Love in a cold climate for refugees crossing Macedonia

Refugee children receive Caritas soup as they cross from Greece to Macedonia to Serbia on their way north. Credit: Irene Broz/Caritas

Refugee children receive Caritas soup as they cross from Greece to Macedonia to Serbia on their way north. Credit: Irene Broz/Caritas

Winter is cold in the Balkans. It’s the kind of cold that enters your bones and does not leave. And winter is not here yet, it will get worse. It’s a bright, almost sunny day in Gevgelija but the wind is strong and blows restlessly.

“We have been waiting here for hours,” said Adnan, a young refugee from Syria. He shows me a slip of paper with a number on it. “They are registering me and gave me this number. But I’ve been waiting here for hours, one train has left already and I don’t want to miss the next one. It’s cold here, it’s getting dark and it’s uncomfortable.”

As I speak with the other refugees from Syria, Iraq and Afghanistan, “cold” and “waiting” seem to be the most recurring words. We are in a large tent in the transit camp on the border between Greece and Macedonia. Refugees arrive here from Greece, they are registered by the police and then leave by bus or overcrowded trains.

Inside the tent, there are a few electric stoves in the corners. But this is just a feeble attempt to bring heat and it would not be fair to say it is successful. This is where refugees wait while their registration is being processed. There is another similar tent near the rail tracks where they wait before taking the train.

“Do you know how long this journey lasts? My family is scared,” said a refugee from Afghanistan pointing at his wife and two young girls. Unfortunately I don’t have the answer. It is difficult to predict how long this process can last and trains don’t have a fixed timetable. This adds yet another layer of uncertainty to the lives of refugees who undertake this difficult and dangerous journey from Turkey across the Balkans to flee war and find better lives in Germany or other destinations in Western Europe.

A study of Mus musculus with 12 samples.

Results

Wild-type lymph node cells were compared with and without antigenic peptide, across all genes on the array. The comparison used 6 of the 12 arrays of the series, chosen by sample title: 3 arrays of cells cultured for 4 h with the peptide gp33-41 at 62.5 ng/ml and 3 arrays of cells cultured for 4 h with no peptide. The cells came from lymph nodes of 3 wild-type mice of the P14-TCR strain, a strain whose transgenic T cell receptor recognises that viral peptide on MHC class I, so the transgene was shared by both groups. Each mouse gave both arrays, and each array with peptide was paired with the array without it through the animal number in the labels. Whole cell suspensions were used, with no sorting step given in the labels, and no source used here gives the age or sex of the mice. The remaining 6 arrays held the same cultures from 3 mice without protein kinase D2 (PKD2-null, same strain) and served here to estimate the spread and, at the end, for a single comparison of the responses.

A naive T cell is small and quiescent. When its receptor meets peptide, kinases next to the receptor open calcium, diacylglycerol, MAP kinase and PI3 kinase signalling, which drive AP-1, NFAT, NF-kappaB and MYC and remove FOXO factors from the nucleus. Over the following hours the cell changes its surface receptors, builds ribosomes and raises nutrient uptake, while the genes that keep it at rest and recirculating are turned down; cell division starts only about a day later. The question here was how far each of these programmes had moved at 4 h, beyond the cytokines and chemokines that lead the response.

Temperatures can drop below freezing at night. Credit: Irene Broz/Caritas

Temperatures can drop below freezing at night in the Balkans. Credit: Irene Broz/Caritas

This exodus started in July and reached peaks of 9,000 arrivals a day in October. The flow has now reduced to 2,500-3,000 arrivals a day. This is largely due to the decision of Balkan countries to close borders to so called “economic migrants” on 19 November, justified because of restrictions imposed by the next country on the chain. This arbitrary category encompasses all those who don’t come from Syria, Iraq or Afghanistan.

“Until yesterday we could hear shouts from the border with Greece,” said Fr. Dimitri, refugee coordinator in Gevgelija. “There was turmoil at the border for several days. The government sent 11 buses yesterday full of people to Greece. Now it is quiet, we can’t hear anything anymore”.

This is only one of the many controversial decisions taken by countries along the migratory route since the beginning of the refugee crisis. It is fair to say that they are largely due to the inconsistency and lack of harmony of European policies.

“We try to bring some comfort to those who still reach Macedonia,” said Fr. Dimitri. Caritas serves more than 500 portions of soup a day in the transit camp, alongside with hot tea.

It is incredible how something so simple as a bowl of soup or a cup of tea can be infused with so much meaning. This is one of the few sources of warmth that crosses the refugees’ way. It’s also a small yet meaningful restitution of dignity and humanity, especially when soup and tea are served with a smile or with a word of comfort. “There is a high demand for this service, we will scale up if needed,” said Fr. Dimitri.

It is dark now. The next train is about to depart. I hope that Adnan is on it and I wish him and all the others good luck even if they cannot hear me.